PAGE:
Leaving a ‘target nation’ behind can often mean discovering how to relax once again

Jul 9, 2022 | 1 comment

By Lee Harrison

Recently, I had a good lesson in what it’s like when your country is a target and experienced one of the biggest benefits of being part of another culture.

A few days ago I found myself walking along a quiet, tree-lined street in Pocitos, Montevideo, one of the city’s nicest neighborhoods. I checked the address I was looking for and walked up to an attractive, colonial-style home.

As I approached the front gate, it glided open. A few yards farther on, I reached a beautiful old-fashioned wooden front door, which also opened quietly as I approached. (I thought it was a clever system, but later learned that the receptionist inside had seen me coming and pushed a button.)

I  turned left into what was once a sitting room in this nicely restored home. I received a warm and friendly greeting from the woman seated there and noticed the homey smell of rich, freshly brewed Colombian coffee. The lady offered me a cup and asked me to make myself comfortable  in one of the nearby chairs.

This may sound like I was visiting a coffee shop, but, no, that’s not what was going on. I’d come to the Colombian embassy in Uruguay to get some help with my Colombian  residency visa. The setting may not seem like an embassy, but, in fact, it’s just like two other embassies I’ve visited in this shady neighborhood.

A peaceful stroll or a bike ride in the historic district can be the beginning of a good day.

I stated my business with the receptionist, and she said that I should discuss it with the Consul directly. This was a surprise, the idea that the person in charge of the consulate would have any personal interest in my visa.

But within a minute, a well-dressed woman came out and introduced herself as the Consul. She asked me to bring my coffee, and we proceeded into her office where we had a pleasant talk as she looked over my paperwork. After making a few suggestions about how to extend the life of my visa, we talked about the various neighborhoods in Medellín and how the city has improved these past few years.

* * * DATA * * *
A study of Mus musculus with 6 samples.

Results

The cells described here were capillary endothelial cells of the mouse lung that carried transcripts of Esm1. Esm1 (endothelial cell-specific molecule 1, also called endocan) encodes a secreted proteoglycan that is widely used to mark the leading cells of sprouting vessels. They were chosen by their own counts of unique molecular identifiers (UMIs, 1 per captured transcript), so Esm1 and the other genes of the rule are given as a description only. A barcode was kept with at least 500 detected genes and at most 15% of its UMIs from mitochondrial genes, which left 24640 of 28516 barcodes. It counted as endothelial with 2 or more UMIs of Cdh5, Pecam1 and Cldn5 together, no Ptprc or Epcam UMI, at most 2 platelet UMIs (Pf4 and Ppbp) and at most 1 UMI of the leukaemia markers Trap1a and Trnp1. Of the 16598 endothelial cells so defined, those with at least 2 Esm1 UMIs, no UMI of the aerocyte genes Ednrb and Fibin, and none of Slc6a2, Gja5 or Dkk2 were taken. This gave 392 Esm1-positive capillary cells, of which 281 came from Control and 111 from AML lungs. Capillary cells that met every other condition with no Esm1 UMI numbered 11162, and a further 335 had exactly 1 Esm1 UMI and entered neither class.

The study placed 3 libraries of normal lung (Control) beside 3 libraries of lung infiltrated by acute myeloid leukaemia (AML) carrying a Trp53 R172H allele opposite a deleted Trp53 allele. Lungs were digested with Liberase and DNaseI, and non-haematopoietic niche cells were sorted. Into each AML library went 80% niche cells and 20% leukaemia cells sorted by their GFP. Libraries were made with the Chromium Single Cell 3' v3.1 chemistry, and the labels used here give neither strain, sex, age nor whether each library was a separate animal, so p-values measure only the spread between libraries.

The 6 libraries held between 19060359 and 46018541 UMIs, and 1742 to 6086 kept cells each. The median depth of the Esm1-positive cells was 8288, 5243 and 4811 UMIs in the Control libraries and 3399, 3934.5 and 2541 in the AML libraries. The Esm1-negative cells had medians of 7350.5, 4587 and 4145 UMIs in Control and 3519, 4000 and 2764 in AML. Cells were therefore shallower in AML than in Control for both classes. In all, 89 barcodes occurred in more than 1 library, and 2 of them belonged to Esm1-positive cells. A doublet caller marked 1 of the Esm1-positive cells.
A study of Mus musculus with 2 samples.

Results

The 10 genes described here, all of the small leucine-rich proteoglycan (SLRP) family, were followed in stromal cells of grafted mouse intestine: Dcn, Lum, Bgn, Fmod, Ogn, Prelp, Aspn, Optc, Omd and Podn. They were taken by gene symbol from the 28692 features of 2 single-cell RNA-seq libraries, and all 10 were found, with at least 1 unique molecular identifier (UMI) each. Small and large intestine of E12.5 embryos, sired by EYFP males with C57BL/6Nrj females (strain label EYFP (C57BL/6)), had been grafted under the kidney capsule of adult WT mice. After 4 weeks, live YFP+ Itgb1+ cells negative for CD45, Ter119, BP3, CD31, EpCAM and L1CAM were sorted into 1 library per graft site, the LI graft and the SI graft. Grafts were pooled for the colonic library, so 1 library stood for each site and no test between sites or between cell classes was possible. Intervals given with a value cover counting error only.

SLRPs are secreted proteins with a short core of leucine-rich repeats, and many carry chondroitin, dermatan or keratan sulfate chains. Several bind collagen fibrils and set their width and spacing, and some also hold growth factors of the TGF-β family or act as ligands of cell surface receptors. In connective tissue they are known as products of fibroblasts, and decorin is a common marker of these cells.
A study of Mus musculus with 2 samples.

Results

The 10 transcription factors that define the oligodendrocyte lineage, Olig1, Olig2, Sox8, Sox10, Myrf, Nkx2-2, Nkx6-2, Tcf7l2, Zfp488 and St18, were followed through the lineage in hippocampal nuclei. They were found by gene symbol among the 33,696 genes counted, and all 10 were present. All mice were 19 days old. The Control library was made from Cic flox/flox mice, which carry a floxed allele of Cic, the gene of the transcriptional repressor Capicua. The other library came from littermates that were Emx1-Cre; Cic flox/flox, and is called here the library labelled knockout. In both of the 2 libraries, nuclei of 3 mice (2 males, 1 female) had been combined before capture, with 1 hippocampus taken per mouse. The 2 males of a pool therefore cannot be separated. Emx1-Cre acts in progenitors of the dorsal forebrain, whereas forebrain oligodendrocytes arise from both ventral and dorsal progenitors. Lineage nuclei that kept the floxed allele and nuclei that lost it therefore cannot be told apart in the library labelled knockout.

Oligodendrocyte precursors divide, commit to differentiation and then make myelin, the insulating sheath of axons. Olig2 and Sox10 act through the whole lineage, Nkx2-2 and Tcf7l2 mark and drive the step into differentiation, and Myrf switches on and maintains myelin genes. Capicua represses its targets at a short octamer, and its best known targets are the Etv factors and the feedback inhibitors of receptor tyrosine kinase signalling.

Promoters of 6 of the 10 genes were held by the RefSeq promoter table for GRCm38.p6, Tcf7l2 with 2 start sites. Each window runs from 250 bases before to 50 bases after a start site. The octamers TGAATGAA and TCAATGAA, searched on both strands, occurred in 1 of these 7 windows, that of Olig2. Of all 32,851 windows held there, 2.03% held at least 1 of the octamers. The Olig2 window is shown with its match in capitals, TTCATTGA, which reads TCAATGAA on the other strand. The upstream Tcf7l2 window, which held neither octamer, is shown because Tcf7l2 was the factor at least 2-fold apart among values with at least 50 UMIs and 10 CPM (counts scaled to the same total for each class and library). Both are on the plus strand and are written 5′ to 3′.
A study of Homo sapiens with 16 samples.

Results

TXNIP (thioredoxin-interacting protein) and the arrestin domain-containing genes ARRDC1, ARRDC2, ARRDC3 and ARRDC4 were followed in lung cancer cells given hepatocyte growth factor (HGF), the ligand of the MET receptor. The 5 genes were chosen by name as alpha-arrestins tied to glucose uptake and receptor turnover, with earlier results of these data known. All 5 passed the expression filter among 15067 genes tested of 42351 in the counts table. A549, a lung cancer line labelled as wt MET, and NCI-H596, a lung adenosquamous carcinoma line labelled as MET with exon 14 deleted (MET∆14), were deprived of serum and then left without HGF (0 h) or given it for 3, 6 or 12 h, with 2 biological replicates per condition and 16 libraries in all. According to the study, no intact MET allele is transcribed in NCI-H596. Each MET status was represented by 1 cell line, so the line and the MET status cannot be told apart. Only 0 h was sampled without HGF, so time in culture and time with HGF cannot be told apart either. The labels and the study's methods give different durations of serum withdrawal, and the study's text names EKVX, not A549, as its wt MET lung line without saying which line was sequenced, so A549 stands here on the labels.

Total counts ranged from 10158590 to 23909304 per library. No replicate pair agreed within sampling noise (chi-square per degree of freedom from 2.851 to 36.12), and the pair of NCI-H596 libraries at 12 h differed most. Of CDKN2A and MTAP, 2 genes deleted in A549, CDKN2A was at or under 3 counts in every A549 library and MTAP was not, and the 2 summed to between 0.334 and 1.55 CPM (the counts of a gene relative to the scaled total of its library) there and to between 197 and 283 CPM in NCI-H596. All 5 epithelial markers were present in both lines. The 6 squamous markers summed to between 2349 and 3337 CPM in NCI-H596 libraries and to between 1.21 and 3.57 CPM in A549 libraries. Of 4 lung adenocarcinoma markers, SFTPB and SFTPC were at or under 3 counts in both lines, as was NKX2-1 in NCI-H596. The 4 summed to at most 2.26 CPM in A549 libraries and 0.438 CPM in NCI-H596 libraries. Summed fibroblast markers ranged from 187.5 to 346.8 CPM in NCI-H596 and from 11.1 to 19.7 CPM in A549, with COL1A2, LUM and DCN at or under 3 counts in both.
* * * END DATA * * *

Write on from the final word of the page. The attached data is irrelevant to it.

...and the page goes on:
The  experience was friendly and relaxed and altogether pleasant.

The  following day, I headed for the U.S. consulate to get a signature notarized. Quite a different experience.

It  started with my standing in the driving rain for more than 45 minutes. I knew that American citizens now require an appointment to visit most U.S. consulates, but I didn’t realize that they wouldn’t let you in the door to take shelter until your appointed time. So I retreated to the awning of a store down the block, where I joined a few other Americans huddled there.

When my time arrived, the warm, dry guard finally let me in, where I stated my business through bullet-proof glass. A young lady directed me to a security screening, like those at airports. Those pocket items they didn’t think I should carry inside were taken from me and stored.

“Next, I crossed from the security portal, about 100 feet to the embassy itself, where  I encountered a Marine Embassy Guard. Here I removed my belt and everything  from my pockets again and passed through another detector. The Marine nodded to his associate in a little booth, who pushed a switch that unlocked the  bomb-proof door.

“Inside, I waited my turn until I could shout my request to a not-so-friendly consular employee on the other side of a bullet-proof window. All this security felt pointless in a non-violent, non-confrontational country like Uruguay’s.

But my point isn’t to criticize the American consulate for their security measures. It’s likely they’re warranted.

Instead, my experience points out one of the hidden benefits of life abroad, of being a part of another country and culture. It shows what it’s like to be out of the spotlight and off the world’s radar screen

I’m a resident of Ecuador, Uruguay, and, now, Colombia. As such, I’m part of countries that are neither aggressors nor the targets of aggression on the world stage. They’re not occupying anyone’s homeland, haven’t toppled anyone’s government, aren’t pushing any agenda in the Middle East, and haven’t taken on any of the world’s religions. Whether or not these actions are beneficial to American citizens is not my point. The fact is that they make the United States a target.

And, to the point, without that ‘target’ status, other countries are safer, more peaceful and less paranoid, because they have few enemies.

You’ll feel the difference when living abroad. You’ll realize how much things like the War on Terror have made a difference to the mindset of the average American. Once you’re removed from it, you’ll realize how much tension used to permeate your everyday life — because you’ll realize that it’s gone.

By living abroad — even if it’s part-time — you’ll be giving up the cultural equivalent of bullet-proof glass for a welcoming cup of coffee, in more ways  that you can imagine.

Lee Harrison has written and lectured about living overseas for more than 15 years. A former resident of Cuenca, he has also lived in Uruguay, Colombia, Chile, and Mexico and now divides his time between the U.S. and Latin America.